What would being cut out of Hollywood mean for Wang Jianlin? Quite a bit, if a group of lawmakers seeking to limit acquisitions of U.S. cultural icons have their way.
Despite what many might think, the Chinese billionaire has a smart overseas strategy, even if some of Dalian Wanda's biggest purchases have been unprofitable. Wang has been snapping up movie studios and cinema chains around the world -- even adding recliner chairs to some to raise ticket prices -- to effectively create an entertainment oligopoly.
Getting out of China matters. Asia's biggest economy is weathering its worst box-office slump in at least five years, and it deepened in the third quarter as films like the latest installment of Matt Damon's Jason Bourne series failed to attract viewers. That's been taking its toll on Beijing-based Wanda Cinema Line, whose stock is down 44 percent this year.
Since acquiring U.S. cinema group AMC in 2012, Wanda's offshore purchases have come thick and fast, including Hoyts in Australia and Odeon in the U.K. The real game changer will be pulling off Carmike, which is pending antitrust approval. With it, Wang would become North America's biggest theater owner, and a significant price setter.
Wang has made no secret of his desire to own studios as well. Paramount didn't come up trumps but there's loss-making Legendary and more recently an alliance with Sony. Wanda is also in talks to buy Dick Clark Productions, the closely held producer of the Golden Globe Awards, plus there's Sydney-based Ticketek for good measure.
Until now, CFIUS, the watchdog that scotches deals on national security grounds, has largely reserved its scrutiny for military or technology purchases. Clamping down on so-called soft power acquisitions takes things to a whole new level. It would present a challenge not just for Wanda and its own ambitions to stitch up the world's entertainment scene, but for Hollywood as well.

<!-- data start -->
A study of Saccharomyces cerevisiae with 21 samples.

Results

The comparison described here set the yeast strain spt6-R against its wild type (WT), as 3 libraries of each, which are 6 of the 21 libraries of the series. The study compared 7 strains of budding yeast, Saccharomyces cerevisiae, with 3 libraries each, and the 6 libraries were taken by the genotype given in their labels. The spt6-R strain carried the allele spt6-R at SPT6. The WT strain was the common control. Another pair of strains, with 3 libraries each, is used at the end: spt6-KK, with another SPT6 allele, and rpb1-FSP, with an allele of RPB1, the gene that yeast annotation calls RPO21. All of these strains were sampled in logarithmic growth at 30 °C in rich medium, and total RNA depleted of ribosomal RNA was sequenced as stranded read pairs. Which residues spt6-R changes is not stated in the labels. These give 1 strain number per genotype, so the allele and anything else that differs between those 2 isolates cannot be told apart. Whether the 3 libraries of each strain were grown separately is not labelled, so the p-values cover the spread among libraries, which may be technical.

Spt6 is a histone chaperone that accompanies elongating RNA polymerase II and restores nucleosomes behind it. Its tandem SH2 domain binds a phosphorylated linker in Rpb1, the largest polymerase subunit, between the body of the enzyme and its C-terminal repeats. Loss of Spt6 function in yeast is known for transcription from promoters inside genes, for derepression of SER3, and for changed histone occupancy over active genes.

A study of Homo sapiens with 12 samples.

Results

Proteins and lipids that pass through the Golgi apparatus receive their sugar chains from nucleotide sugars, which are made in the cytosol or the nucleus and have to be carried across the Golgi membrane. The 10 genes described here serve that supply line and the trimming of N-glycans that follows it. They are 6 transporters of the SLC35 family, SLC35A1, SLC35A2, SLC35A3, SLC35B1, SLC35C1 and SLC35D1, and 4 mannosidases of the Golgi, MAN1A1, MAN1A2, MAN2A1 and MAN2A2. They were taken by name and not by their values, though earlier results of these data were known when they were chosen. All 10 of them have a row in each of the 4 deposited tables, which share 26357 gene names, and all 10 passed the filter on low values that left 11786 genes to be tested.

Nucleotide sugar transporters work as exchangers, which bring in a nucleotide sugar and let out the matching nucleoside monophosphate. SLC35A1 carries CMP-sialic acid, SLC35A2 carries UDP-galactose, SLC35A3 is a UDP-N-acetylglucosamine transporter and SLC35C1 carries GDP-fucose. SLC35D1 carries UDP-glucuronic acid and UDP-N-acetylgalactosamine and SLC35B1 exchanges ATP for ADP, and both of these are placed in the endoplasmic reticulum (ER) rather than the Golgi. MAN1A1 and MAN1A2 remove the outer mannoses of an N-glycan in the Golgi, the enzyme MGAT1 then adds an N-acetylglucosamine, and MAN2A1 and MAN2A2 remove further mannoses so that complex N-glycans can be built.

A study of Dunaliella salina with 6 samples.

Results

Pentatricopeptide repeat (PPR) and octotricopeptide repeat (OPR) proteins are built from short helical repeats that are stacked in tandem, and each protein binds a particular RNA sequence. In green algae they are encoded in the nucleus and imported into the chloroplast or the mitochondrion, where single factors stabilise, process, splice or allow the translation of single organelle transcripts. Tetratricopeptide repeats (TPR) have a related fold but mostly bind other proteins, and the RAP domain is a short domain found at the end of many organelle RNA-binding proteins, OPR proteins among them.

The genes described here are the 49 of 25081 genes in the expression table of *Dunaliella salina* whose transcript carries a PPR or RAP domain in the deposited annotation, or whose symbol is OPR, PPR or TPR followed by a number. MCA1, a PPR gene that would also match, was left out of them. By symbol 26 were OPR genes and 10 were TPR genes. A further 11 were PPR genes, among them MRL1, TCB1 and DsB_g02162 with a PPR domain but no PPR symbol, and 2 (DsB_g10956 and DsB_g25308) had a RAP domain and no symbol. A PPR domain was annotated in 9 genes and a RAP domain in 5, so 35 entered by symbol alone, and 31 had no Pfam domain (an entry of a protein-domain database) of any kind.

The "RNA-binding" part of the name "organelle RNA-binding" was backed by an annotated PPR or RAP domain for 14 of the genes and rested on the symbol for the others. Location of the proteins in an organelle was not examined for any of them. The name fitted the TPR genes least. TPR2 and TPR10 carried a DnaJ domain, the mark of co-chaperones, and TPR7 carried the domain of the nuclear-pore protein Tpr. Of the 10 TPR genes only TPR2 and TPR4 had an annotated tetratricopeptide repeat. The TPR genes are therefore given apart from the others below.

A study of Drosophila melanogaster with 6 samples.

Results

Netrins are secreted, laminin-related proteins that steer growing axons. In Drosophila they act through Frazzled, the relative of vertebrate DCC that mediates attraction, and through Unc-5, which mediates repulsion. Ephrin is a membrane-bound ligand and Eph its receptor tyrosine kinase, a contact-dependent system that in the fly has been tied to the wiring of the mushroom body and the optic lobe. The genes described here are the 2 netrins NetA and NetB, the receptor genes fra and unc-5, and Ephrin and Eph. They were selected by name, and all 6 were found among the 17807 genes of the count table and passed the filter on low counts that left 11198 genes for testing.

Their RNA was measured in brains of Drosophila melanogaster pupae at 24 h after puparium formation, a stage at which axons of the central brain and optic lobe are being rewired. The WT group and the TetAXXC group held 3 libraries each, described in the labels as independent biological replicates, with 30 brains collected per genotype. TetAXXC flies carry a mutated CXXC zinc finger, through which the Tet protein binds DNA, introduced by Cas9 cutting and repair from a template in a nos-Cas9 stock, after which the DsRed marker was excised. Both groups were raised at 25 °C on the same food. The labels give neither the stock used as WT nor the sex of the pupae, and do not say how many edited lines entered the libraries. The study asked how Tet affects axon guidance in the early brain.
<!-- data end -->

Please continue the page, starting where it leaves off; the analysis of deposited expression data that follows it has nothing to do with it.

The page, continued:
Legendary for one has benefited from Wang's deep pockets and Hoyts is already showing the benefits of new ownership, reporting first-half earnings of $20 million, up from about $7.5 million in the three months to Dec. 31.
Without major cash infusions, Hollywood studios are going to find it very hard to keep churning out the multimillion-dollar blockbusters that draw moviegoers globally. Having a Chinese partner also helps with exposure to a market that should overtake the U.S. in coming years.
Outside of shopping malls and real estate, Wanda hasn't been in the happiest of places. In August, it shelved a $5.6 billion reorganization of its entertainment assets and it's had to temporarily close a theme park on the mainland. UBS, meanwhile, walked away from a $4.4 billion deal to take Dalian Wanda Commercial Properties private after it became uncomfortable with the structure of the transaction, the Financial Times reported over the weekend.
Wanda also isn't in the same basket as Alibaba, which may be pushing into films but for the most part spends its pennies in Asia.
Perhaps one solution to appease U.S. regulators would be for Wanda to ratchet its headline-making acquisitions back and consider minority investments instead. That would probably still allow for strategic placement of Chinese references in movies.
Whatever the outcome, two things are certain: Movies aren't exactly a cheap business to be in, and cash-rich Wang needs the overseas diversification.
Count on more plot twists to come.
This column does not necessarily reflect the opinion of Bloomberg LP and its owners.